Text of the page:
Tasked with managing and maintaining the computing and storage resources for no less than 2,000 faculty and staff members as well as an additional 2,000 students, it would be an understatement to say that the IT team of the University of Alberta’s Faculty of Medicine and Dentistry has their hands full.
“We’re an end-to-end solutions team,” Eddie Mudaliar, IT manager for the faculty, told CDN. “We handle multiple roles. We’re an R&D shop that builds apps for the faculty, a service desk and we manage and maintain the storage area network.”
With their growing and ever evolving workload, Mudaliar and his team sought to consolidate their existing SAN infrastructure where bottlenecks have been occurring. The team considered several systems but ultimately decided on installing a couple of all-in-one networking, storage and server appliances from IT infrastructure company Simplivity.
The faculty has a nearly 99 per cent virtual IT environment that leverages virtual servers from VMware and virtual desktop technology from Citrix. Lately, Mudaliar said, his team was losing significant time and manpower because the storage part of their operations was demanding a lot of dedicated attention and lacked flexibility.
“We saw the rest of IT was being consolidated, but storage was being left behind,” he said. “Two analysts were dedicated to the task of managing the SAN because a lot of the things such as adding new VMs could only be done by these analysts.”
This was causing a bottleneck, because Mudaliar had one less personnel to deploy for other tasks and it was slowing down innovation.
“We needed to get rid of the complexity and get to a point where 80 per cent of that SAN-related task could be handled by non-analyst personnel so that we could have more flexibility,” he said.
As an organization’s computing and storage demands grow, IT teams continually need to scramble in order to keep up, according to Tom Grave, vice-president of marketing for Simplivity.
Large companies with big budgets are able to deploy point hardware and software product that address single requirements. However, very often these products are not designed to operate well together. And this prevents many companies from taking full advantage of a virtualized and cloud-integrated environment, said Grave.
“The problem is worse for IT teams of smaller organizations,” he said. “Because of budget constraints, they are forced to work with systems that lack important functionalities such as remote disaster protection or cloud connectivity.”
For years, IT vendors have been touting the benefits of separate server and storage environments. However, recently there has been a movement towards pulling together, server, storage and networking services into a single modular package.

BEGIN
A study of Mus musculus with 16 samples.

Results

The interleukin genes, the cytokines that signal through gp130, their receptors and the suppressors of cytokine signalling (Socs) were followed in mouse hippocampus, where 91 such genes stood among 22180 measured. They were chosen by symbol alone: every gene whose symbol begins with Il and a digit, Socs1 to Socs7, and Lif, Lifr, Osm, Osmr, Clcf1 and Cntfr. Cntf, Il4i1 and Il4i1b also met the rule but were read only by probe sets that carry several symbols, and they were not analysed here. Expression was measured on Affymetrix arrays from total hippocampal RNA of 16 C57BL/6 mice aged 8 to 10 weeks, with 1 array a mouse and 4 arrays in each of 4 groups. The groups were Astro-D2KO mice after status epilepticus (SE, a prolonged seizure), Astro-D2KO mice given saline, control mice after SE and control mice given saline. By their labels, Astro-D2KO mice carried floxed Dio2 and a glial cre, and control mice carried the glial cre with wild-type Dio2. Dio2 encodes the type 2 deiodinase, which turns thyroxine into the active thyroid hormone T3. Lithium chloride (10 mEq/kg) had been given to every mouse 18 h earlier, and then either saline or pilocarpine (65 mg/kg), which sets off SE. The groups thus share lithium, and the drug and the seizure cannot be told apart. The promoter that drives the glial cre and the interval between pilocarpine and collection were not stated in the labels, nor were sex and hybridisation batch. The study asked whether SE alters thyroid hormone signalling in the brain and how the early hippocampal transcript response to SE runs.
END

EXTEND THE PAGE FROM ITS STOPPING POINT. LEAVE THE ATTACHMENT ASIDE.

Converged infrastructure products such as VCE’s VBlock and NetApp’s FlexPod have pre-integrated data centre components. This eliminates the need for organizations to worry about patching and upgrading different components.
The current hyper-convergence trend brings about tighter integration, adding modular capability by introducing appliances with software that automatically discovers and adds new nodes to a cluster. This makes it easier to add compute and storage resources by simply installing a new module.
Simplivity is among the players in this field. The company offers its OmniCube data centre-in-a-box products. Mudaliar said his team initially had two OmniCube CN-3000 units installed. The CN-300 is a rack-mounted, general purpose modular system designed to run all data centre applications. It offers 12 to 24 CPU cores and 20 to 40 Terabytes of usable storage capacity.
Among its key benefits are:
- Enterprise functionality and high availability
- Simplified scale out
- In-line de-duplication and compression
- Bandwidth efficient replication
- Data protection and VM-level backup and replication
- VM-centric management
- Public cloud integration which allows data to be backed up and restored from the Amazon Cloud
- Cache accelerated performance
A key consideration for going with OmniCube was the simplicity of operation, he said. It could be operated by other members of his staff. This meant that more senior members could be freed up for other strategic tasks, Mudaliar said.
The units also have built-in global federarted backup and disaster recovery features which he did not find in other systems
“What we liked about it is its simplicity,” said Mudaliar. “It’s all in one box. With traditional SAN you have to go vertical to scale; with OmniCube we just need to add another box if we want more capacity.”